Multi-American | How immigrants are redefining 'American' in Southern California

When you don't speak the language you're presumed to: Dreading 'the Spanish thing'

For anyone who has ever been presumed - incorrectly - to speak a certain language because of how they look, this post by author Sabina Murray on The Nervous Breakdown blog will resonate.

Murray, the child of a Filipina mother and German-Irish father, writes about how her particular mestizaje leads people to think she's a Spanish speaker, especially when she travels to Spanish-speaking countries. The problem is that while she can get by in Tagalog, she doesn't speak Spanish. Anticipating a trip to Peru, she begins to dread what she calls "the Spanish thing."

It's a lengthy essay, so here are a few highlighted snippets:

Spanish makes me nervous because I can"t speak it. More clearly (not speaking Thai doesn"t bother me) Spanish makes me nervous because I can"t speak it, and I look like I should. I call this particular anxiety "The Spanish Thing."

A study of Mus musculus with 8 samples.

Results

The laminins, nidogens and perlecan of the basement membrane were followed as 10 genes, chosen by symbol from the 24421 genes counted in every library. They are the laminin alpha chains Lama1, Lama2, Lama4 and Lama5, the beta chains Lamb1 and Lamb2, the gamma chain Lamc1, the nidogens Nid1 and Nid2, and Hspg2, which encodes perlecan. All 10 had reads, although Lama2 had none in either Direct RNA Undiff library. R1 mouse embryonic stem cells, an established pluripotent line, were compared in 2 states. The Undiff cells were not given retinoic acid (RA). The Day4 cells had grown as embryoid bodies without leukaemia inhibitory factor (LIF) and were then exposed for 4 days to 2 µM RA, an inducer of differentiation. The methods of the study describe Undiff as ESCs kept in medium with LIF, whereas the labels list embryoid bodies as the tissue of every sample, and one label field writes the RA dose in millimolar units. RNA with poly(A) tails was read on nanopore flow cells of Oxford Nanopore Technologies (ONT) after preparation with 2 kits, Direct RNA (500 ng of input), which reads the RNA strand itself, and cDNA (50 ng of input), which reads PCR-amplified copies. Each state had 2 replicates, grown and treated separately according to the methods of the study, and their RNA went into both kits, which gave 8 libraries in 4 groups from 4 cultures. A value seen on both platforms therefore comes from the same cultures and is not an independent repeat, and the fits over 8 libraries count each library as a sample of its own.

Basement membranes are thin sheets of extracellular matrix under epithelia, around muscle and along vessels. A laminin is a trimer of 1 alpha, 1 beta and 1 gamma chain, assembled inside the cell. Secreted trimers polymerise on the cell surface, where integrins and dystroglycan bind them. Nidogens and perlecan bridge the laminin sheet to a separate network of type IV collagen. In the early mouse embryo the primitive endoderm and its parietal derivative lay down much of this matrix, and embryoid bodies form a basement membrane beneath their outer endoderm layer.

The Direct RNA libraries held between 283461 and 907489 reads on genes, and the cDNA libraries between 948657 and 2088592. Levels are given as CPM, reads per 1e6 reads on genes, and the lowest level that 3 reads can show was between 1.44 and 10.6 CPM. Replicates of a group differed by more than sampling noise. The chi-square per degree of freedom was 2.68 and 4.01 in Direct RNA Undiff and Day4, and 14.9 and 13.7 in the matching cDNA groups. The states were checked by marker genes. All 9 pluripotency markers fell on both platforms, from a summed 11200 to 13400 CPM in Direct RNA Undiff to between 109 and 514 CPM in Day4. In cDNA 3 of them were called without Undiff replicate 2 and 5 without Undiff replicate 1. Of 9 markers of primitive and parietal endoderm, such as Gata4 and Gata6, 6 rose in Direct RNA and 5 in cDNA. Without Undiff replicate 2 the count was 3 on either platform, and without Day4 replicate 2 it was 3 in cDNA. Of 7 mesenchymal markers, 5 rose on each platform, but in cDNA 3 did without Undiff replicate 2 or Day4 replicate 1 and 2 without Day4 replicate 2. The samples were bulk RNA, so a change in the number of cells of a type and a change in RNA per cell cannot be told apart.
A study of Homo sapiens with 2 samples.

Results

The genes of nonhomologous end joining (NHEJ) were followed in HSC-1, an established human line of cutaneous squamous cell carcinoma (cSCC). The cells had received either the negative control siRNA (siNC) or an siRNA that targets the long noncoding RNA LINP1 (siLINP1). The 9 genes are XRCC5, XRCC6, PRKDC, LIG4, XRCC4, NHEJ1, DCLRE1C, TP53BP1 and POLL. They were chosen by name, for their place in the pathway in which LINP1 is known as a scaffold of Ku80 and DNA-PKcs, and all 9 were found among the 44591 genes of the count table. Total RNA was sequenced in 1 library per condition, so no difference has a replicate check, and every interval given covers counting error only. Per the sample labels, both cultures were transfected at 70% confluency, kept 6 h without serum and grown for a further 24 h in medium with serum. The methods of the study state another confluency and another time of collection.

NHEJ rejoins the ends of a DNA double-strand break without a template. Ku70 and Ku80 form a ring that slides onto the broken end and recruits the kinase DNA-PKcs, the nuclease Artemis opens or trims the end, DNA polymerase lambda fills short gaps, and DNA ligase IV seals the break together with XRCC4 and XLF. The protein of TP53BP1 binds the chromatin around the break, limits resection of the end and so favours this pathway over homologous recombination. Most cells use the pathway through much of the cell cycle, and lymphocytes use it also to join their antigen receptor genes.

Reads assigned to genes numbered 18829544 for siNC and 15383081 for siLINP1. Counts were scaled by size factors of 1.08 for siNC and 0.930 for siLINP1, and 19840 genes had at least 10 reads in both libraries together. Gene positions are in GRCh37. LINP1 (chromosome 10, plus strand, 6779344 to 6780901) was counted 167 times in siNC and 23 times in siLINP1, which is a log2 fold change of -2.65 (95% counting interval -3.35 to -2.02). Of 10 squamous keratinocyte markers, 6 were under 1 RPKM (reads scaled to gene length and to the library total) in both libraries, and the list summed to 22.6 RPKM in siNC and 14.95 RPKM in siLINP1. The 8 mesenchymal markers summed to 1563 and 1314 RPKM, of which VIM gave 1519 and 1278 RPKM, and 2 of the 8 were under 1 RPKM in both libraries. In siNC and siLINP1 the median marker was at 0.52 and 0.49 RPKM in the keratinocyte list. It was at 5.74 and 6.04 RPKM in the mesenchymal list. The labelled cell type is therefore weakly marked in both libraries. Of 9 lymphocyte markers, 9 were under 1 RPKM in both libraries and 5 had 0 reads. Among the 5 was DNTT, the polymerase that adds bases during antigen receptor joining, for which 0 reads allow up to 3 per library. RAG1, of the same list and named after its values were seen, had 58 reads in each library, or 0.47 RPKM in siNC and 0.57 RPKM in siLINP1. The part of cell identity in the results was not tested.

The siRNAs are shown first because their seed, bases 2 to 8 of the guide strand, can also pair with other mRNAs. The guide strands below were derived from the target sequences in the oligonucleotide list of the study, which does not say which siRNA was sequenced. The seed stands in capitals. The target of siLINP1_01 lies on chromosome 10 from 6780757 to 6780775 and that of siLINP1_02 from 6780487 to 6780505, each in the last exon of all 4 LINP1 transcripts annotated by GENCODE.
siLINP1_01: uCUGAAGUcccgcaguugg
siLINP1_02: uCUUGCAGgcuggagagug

...I should explain that I"m not your average gringa. My mother is Filipino, I have a functioning grasp of Tagalog, and I lived in The Philippines"arguably a Hispanic country" through my high school years. Tagalog, an Austronesian language, is not Spanish and shares much vocabulary with Bahasa Malay"parts of the body, for example, share the same or similar words"but anything that the Spaniards introduced tends to be the same word (mesa is table in both Tagalog and Spanish) or similar (the Tagalog for onion is sibuyas, cebollas in Spanish). Other words exist in both languages, but with different meanings.

...If you speak to me in Spanish, it feels like an invitation to something great that, unfortunately, I can"t accept. It"s awkward and the thought of traveling to Peru"although I was sure Peruvians try Spanish on blonde-haired, blue-eyed people as well"made me uncharacteristically self-conscious.

The first leg of my trip was a flight to Lima and started in Boston. At the check in, a young man put the baggage tag on my luggage, and, in Spanish, said something about my luggage (which I understood) something about something (which I didn"t) and"I think" wished me a good trip. I felt dizzied, a little stupid, and, although I know I hadn"t done anything offensive, rude.